Health Scan: “Fingering” Obesity – why babies should learn to feed themselves; protective Parkinson gene.
Prof. Joseph Kapelushnik of BGU’s Faculty of Health Sciences and colleagues developed a device that uses infrared light to illuminate cancer cells in less than a teaspoon of blood. The experimental test detects minuscule changes in the blood of a person who has a cancerous growth somewhere, even before the disease has spread. The mechanism behind the test is that various molecules released into the bloodstream cause the blood of someone with cancer to absorb infrared light a bit differently than that of healthy people.
In the latest clinical trial with 200 patients and a control group, the test identified specific cancers in 90 percent of the patients and found other types of cancer, as well. The researchers are focused on detection of common cancers, such as lung and ovarian cancer.
Early detection is vital in increasing the chances for cancer patients’ recovery and preventing the need for long, difficult and costly treatments in more advanced stages.
“This is still research in the early stages of clinical trials,” says Kapelushnik, who is also head of the Soroka’s pediatric hemato-oncology, pouring cold water on people who think it will be available “tomorrow.”
“But the purpose is to develop an efficient, cheap and simple method to detect as many types of cancers as possible. We want to be able to detect cancer while a patient is still feeling good, before it has a chance to metastasize, meaning fewer treatments, less suffering and many more lives saved.”
More clinical trials will be conducted in the next 18 months.
Babies allowed to feed themselves with finger foods from the start of weaning are likely to eat more healthily and have normal weight as they get older than infants who are spoon-fed purees, according to a new study published in the British Medical Journal (BMJ). The findings led the authors to suggest that the habits of the “baby-led” group who ate on their own could help ward off obesity in later childhood.
They based their findings on 155 children between the ages of 20 months and 6.5 years, whose parents completed a detailed questionnaire about their children’s weaning style and food preferences. Ninety-two of the children had been allowed to feed themselves with finger foods, while 63 had been spoon-fed pureed foods throughout weaning.
Children in the baby-led group liked carbohydrates more than those who had been spoon-fed. In fact, carbohydrates were the favorite foods of children in the baby-led weaning group; children in the spoon-fed group liked sweet foods the best. This was despite the fact that along with sweet foods, children in the spoon-fed group had also been offered carbohydrates, fruits and vegetables, proteins and whole meals, such as lasagne, more often than their peers in the baby-led weaning group.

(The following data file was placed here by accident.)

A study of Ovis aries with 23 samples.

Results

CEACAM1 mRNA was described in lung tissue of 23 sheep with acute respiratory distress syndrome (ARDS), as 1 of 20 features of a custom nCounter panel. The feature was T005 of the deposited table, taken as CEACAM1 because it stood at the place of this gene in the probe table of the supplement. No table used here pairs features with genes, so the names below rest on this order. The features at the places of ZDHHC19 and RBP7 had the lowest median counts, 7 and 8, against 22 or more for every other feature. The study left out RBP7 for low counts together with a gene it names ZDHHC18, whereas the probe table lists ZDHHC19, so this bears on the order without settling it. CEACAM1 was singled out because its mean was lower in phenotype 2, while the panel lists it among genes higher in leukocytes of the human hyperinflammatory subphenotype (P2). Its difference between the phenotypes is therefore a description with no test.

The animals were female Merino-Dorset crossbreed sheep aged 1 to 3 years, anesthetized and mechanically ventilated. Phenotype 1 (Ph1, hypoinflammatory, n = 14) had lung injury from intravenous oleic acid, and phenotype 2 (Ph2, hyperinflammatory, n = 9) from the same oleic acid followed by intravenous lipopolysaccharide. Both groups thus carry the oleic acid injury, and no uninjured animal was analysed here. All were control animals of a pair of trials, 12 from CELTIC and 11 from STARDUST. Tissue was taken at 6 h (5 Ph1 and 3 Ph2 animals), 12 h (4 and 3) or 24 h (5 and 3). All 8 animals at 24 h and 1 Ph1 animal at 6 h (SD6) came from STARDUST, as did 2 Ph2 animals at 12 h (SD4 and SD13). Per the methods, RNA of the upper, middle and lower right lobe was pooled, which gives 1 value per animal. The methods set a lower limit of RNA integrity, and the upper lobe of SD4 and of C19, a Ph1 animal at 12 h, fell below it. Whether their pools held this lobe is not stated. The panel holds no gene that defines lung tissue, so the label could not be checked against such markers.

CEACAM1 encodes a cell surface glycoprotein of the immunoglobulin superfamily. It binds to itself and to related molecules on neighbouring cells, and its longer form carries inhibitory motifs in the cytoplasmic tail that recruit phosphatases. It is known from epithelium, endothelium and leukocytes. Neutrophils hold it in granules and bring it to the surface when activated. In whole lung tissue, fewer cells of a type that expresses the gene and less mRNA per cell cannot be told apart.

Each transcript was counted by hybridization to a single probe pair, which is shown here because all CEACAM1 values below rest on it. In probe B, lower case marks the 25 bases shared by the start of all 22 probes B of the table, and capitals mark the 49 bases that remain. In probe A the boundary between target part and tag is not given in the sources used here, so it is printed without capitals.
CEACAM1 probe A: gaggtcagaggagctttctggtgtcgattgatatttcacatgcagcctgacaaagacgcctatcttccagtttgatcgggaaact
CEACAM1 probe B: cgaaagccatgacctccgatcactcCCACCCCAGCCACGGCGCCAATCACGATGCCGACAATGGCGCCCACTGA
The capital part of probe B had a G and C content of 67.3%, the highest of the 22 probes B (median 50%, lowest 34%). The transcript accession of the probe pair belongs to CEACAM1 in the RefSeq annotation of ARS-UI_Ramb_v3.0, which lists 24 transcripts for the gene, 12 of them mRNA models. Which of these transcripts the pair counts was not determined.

More children in the spoon-fed group were overweight/obese than those in the baby led group, who tended to have normal weight for their height, age and gender. These differences were not explained by differences in birth-weight, parental weight, or socioeconomic factors, all of which are likely to influence a child’s body mass index.
The authors suggest that carbohydrates presented whole, like toast, may enhance a child’s awareness of textures, which are lost when food is pureed. And they point to previous research which shows that presentation is a key factor in food preferences.
The preference for carbohydrates among those weaned on solids could simply be that they are easier to chew than other solids, such as meat, say the authors, who point out that few children in the baby-led group choked on their food.
“Our study suggests that baby-led weaning has a positive impact on the liking for foods that form the building blocks of healthy nutrition, such as carbohydrates,” conclude the authors. “This has implications for combating the well documented rise of obesity in contemporary societies.”
Protective Parkinson gene
One out of every four Jews of Ashkenazi origin bears a mutated gene that – for a change – significantly reduces the risk of Parkinson’s disease. Prof. Avi Or of Tel Aviv Sourasky Medical Center has found that the lucky carriers of the gene – called Park16 and found on chromosome 1 – are at much lower risk from the incurable neurological disease than people who are not carriers.
In an article published in the Archives of Neurology, the director of the hospital’s genetic institute wrote that 2% of the Israeli population eventually develop Parkinson’s.
Harmful mutations that increase the risk of getting the disease appear in a third of Parkinson’s patients and 8% of the healthy Ashkenazi population.
Or and doctoral student Ziv Gan- Or surveyed 1,360 healthy volunteers, in coordination with neurology department head Prof. Nir Giladi.
The study showed that in this region of chromosome 1, there are a number of mutations that cut the risk of getting Parkinson’s 1.5 times – the same result found by researchers in Japan, Europe and China.
But the Sourasky team found that one in every 70 Ashkenazim has a combination of mutations that reduces the risk of the disease by a factor of 10. Or suggested that other progressive neurological diseases might be similar, and that the mutations could also give the bearers protection against them. This knowledge could eventually lead to the development of new treatments and even help prevent Parkinson’s and other diseases.